French is really hard and I am bad at it


I have now been living in Geneva for nearly three-and-a-half months. I arrived with a flimsy and uneven understanding of French; I had casually done Duolingo French on and off for the past year, and I also had a grasp on some fairly unusual French vocabulary words, thanks to handling graphic design in three languages for my former job in the environment and forestry sector. (Who else could tell you, without a moment’s hesitation, that the French term for ‘tenure rights’ is droits fonciers?)

All this to say: my French reading comprehension is fairly good. Everything else — particularly listening — is very, very bad.

I enrolled in French classes almost immediately after I arrived. Since the first week of August, I have been attending evening classes twice a week, with only the occasional week off here and there for public holidays and school breaks. I’d estimate that I’ve completed 42 hours of formal learning thus far.

There are six levels to mastering French: A1, A2, B1, B2, C1, and C2. I am currently at level A1.2. Yes, there are decimal levels. I have to make it all the way through A1.4 to graduate to A2. Even B1 feels like an impossible dream.

(Side note: apparently there is a new law in Switzerland requiring work permit holders and their spouses to be able to demonstrate a certain level of proficiency in French, or, in the case of other regions, German/Italian/Romansh. On the one hand, as the employee of an international organization, I am technically not subject to this rule. On the other hand, what else am I going to do with my free time? Sit at home and watch even more old episodes of Brooklyn Nine-Nine?)

Some days it feels like my French will never improve, but some days I am surprised at what I can suddenly understand: the occasional short phrase a stranger says into the phone. A sign at the supermarket. A successful exchange at the train station ticket counter.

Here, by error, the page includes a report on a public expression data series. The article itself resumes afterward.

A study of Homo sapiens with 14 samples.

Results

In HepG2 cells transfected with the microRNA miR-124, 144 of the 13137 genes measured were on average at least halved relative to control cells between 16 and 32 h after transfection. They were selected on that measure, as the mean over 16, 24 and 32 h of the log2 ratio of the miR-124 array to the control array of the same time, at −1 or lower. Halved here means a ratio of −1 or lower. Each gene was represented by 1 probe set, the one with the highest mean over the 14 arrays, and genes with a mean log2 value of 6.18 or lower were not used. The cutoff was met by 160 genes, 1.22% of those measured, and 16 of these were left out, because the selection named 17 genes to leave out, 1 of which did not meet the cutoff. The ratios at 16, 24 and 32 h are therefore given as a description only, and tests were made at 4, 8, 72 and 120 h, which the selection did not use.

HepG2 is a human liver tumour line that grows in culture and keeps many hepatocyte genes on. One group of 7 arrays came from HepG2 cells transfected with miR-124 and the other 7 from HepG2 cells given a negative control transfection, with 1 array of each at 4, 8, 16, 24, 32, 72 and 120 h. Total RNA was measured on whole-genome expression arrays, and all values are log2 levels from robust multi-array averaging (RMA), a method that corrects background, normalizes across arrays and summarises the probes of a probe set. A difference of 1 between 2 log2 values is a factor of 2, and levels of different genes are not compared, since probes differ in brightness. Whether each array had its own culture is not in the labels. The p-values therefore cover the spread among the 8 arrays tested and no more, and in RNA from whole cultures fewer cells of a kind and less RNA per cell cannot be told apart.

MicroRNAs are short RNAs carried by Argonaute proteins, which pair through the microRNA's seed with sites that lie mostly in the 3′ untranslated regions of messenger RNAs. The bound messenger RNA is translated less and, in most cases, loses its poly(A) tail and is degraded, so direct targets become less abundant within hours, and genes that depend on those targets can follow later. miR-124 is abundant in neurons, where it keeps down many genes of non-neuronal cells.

What else am I doing to improve my French? Here’s what I have tried:

  • Language exchange partners. Geneva runs an official matchmaking program for people interested in language exchange. When I first arrived, I was immediately matched with Astrid, a lovely French woman who was also fluent in English and German. We met twice, but ultimately couldn’t get our schedules to line up. I’m currently matched with another partner, Momadou, but we’re having similar troubles setting up a second meeting. (Update: Momadou and I have also since ghosted each other.)
  • TV and movies. This is probably what will work best for me in the long run. I will watch a French-language program three times: first with English subtitles to absorb the content; again with English subtitles, this time paying close attention to how the words match the subtitles; and finally with French subtitles, focusing on listening comprehension and pronunciation. I have really enjoyed French-Moroccan comedian Gad Almaleh’s standup special on Netflix and the new French spinoff of the baking competition comedy Nailed It!. These contemporary shows are also super helpful for learning slang and understanding how ordinary people actually talk.
  • Websites and apps. Duolingo and Memrise were helpful at one point, but now that I have realized my most acute need is in the area of HOLY FUCK I CANNOT UNDERSTAND MOST OF WHAT PEOPLE SAY TO ME EVEN THOUGH WE’RE IN SWITZERLAND AND THEY ALREADY SPEAK MORE SLOWLY THAN THE FRENCH, these apps, which tend to focus more on vocab and short phrases, are no longer as useful. I do think I will turn back to them eventually once my listening gets better.